Passover in December

Posted on December 29, 2021

By Hazzan Jacob Sandler

In this week’s parasha Va’eira we read of the first five plagues brought down upon Egypt. Who needs Christmas in July when we can have the Passover Story in December, right? With each plague, we get closer to redemption, and yet we simultaneously read that G-d hardened Pharaoh’s heart. I’ve always found this really troubling. Far be it from me to limit G-d’s ability, but how can I fully blame Pharaoh for our suffering if it was G-d that hardened his heart? As one who dabbles in creative writing, I understand that I’ve allowed and even encouraged poor behavior of my characters in order to illustrate a lesson or build the conflict–it wouldn’t be a compelling narrative if it was all easy. However, in the grand story of life, and the story of our people, can I dare to hold the Author accountable? 

It’s a reasonable question, and none of us are inherently heretics for asking it. Maybe it was a necessary step in solidifying the faith in G-d as our redeemer. Maybe it was all part of the divine recompense due for years of slavery that occurred prior to the hardening of Pharaoh’s heart. I’m actually less concerned with why G-d did that, and more interested in whether G-d still does it from time to time.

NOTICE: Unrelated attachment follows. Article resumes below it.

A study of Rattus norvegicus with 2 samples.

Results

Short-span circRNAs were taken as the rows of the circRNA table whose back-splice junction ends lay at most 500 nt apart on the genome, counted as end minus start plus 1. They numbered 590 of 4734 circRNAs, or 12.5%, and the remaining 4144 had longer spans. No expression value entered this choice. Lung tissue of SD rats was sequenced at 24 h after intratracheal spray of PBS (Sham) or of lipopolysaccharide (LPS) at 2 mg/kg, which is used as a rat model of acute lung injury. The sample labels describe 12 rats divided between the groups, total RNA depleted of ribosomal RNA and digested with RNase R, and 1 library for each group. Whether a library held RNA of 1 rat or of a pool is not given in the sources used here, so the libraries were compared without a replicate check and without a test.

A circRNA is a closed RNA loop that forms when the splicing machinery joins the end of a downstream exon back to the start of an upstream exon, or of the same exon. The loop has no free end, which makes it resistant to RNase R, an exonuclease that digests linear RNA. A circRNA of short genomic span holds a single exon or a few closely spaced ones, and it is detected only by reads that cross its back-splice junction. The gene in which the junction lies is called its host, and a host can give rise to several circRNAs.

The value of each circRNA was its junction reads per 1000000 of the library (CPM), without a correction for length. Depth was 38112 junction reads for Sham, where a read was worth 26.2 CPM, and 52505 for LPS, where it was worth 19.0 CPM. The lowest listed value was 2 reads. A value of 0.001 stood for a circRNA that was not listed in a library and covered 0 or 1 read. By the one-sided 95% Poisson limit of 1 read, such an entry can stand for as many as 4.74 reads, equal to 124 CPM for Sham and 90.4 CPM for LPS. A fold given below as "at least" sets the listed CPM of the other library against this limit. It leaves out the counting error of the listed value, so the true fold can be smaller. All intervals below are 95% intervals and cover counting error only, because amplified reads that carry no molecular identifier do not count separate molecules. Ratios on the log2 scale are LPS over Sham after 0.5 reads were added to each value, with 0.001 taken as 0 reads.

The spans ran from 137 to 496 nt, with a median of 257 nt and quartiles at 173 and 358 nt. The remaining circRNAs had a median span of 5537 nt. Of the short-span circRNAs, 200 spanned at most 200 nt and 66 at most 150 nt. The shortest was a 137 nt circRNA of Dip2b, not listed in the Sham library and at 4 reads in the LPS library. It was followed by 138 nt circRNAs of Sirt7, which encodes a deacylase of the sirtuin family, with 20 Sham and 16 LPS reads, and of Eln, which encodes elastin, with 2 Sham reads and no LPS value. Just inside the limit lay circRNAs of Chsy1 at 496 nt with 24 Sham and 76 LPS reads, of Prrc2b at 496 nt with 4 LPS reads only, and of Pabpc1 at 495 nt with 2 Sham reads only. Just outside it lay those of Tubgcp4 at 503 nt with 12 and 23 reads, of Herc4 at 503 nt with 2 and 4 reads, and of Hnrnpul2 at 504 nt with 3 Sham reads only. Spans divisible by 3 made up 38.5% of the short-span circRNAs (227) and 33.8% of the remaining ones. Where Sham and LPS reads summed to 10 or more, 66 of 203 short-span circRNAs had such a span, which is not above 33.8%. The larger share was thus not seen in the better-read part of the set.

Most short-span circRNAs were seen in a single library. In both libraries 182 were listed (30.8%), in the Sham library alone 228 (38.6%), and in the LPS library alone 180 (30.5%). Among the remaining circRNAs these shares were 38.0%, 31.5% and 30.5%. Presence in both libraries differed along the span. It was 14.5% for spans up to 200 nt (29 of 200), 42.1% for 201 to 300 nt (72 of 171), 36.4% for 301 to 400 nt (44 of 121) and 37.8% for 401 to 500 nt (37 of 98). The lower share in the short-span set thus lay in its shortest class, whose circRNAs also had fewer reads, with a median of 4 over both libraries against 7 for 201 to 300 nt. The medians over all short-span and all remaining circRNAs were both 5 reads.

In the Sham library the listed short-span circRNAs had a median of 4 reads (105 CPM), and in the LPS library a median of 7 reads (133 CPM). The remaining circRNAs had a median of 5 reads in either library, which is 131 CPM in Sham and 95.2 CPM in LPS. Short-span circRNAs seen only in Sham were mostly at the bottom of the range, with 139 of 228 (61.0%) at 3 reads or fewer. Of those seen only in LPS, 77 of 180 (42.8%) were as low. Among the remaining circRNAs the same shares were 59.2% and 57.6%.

Has G-d hardened my heart? Or yours? Did we know when it was happening? How did it affect us? And, as someone who believes in free will, could we have refused? 

Reading about the plagues hits differently than it used to. Now that we’ve spent nearly 2 years in a plague of our own, I’ve had some difficult questions. Is this a divine punishment? Do I really believe in that? What did we do, and how can we fix it? Is this meant to teach us something? Did we learn it? Have we forgotten the lesson already? And how are our hearts doing? Are they hardened by a stubborn desire to return to normal? I know folks who are so done with masks, but with a new variant that spreads quickly, we simply aren’t done yet. I know folks who won’t get vaccinated. Have their hearts been hardened by systems that leave them unable to trust in institutions? 

And perhaps I’m optimistic, but maybe this is just how redemption works. Maybe these challenging times–these plagues–are meant to give us a needed shift in perspective that only radical change can provide. And some of us will pivot, and grow, and be redeemed. Others will harden their hearts, and let the sea consume them. My prayer for all of us as we continue navigating this plague, is that we continue to reflect on the world around us, allow our hearts to remain soft and open, and do everything we can to be G-d’s partner in the redemption that surely awaits us on the other side of this pandemic.